A Children’s Savings Roadmap

There are a lot of different savings levels for children as you probably are aware.  Depending on your child’s age, “savings” can mean a lot of different things. So, I decided to put together a children’s savings road map to help guide parents (and children) when learning the importance of saving money.

Piggy Bank Savers

Starting as early as age 4 or 5 you can begin educating your children about savings. Start this phase off by purchasing your child’s first piggy bank and help them save for candy or a small toy from a discount dollar store. Kids don’t have to be earning an allowance at this stage. Mom and dad can just offer them a little bit of spending money each week to allocate towards their savings goal.

Savings Account Savers

Children's Savings

As this stage your child is a little bit older and can grasp the concept of earning or receiving an allowance for doing jobs around the house. Saving in a piggy bank can still work great for these youngsters but you might be able to start them with an online kids savings account such as the ING for Kids savings account. The savings goal obviously increases in this phase as well. Consider helping your child learn to save for a larger toy, or even a fun-filled entertainment event with a friend such as bowling.

Teenage Savers

You’re child is probably in the teenager years and the savings goals should reflect larger items that require more responsibility. Do they want to go on that special trip with their church or high school? Well, they’re certainly going to need a savings goal, aren’t they? Mom and dad can help with a match, but children need to do their part too. This phase can also mean saving for a down payment for a car which many teenagers would love to have when they are of the proper age.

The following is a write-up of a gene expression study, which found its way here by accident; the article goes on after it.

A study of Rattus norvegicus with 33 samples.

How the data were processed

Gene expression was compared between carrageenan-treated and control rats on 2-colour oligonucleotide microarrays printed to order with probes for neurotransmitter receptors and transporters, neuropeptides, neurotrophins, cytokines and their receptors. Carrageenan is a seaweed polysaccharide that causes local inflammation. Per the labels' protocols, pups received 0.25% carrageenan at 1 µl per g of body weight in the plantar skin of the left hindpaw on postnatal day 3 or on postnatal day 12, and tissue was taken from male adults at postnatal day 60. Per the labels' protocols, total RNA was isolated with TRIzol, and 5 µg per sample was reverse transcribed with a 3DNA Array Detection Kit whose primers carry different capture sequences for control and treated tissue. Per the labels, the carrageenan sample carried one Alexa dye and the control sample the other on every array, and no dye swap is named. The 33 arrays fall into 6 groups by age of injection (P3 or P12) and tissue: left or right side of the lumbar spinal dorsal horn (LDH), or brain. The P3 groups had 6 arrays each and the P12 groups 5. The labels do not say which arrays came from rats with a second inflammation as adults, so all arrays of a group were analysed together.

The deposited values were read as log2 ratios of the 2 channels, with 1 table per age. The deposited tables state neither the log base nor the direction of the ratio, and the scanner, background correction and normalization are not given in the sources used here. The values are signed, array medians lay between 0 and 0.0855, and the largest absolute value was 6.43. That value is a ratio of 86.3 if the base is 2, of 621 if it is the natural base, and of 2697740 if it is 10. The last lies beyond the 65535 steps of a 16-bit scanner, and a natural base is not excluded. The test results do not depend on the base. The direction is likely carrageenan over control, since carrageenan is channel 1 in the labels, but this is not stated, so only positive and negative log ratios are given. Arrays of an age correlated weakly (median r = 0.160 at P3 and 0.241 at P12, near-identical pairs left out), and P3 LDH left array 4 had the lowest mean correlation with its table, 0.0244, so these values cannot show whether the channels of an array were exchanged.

Saving for College

Phase 4 is saving for an even larger goal such as college. Phase 4 savers are contributing a part of their part-time paychecks to this goal and are doing their part to help earn their way to a college degree. This type of savings doesn’t necessarily replace the saving that parents can do with a college savings plan, or educational savings account, but can be in addition to these tools. Children might continue to use their ING Kid’s Savings account to save for college expenses such as tuition, room and board and food.

Saving while in College

Finally, a phase 5 saver is a child in college that is saving, but perhaps for future savings goals after graduating. This saver is for children who are a year or two into college and have settled in well. They may have a part-time job while attending school. These types of savings goals may include building an emergency savings account, saving for work related expenses, such as clothes, or even for apartment or housing after school. A phase 5 saver has the present under control and the future in mind. This phase is only possible when a child has learned the importance of saving and done their part in phases 1 – 4.

Hopefully, this article helps create a clearer picture in your mind of a path towards savings for your children. It’s your job to educate them on the importance of savings and why they need to prepare for their future as young adults. Each phase also provides a great opportunity to help children learn to manage their money wisely so they can have enough to contribute towards savings.

What do you think about this children’s savings road map?

About Jason Price

Hi, I'm Jason Price, family man saved by grace, passionate about faithful stewardship, soccer and the Pacific sun. I write about money, career and business here at www.onemoneydesign.com.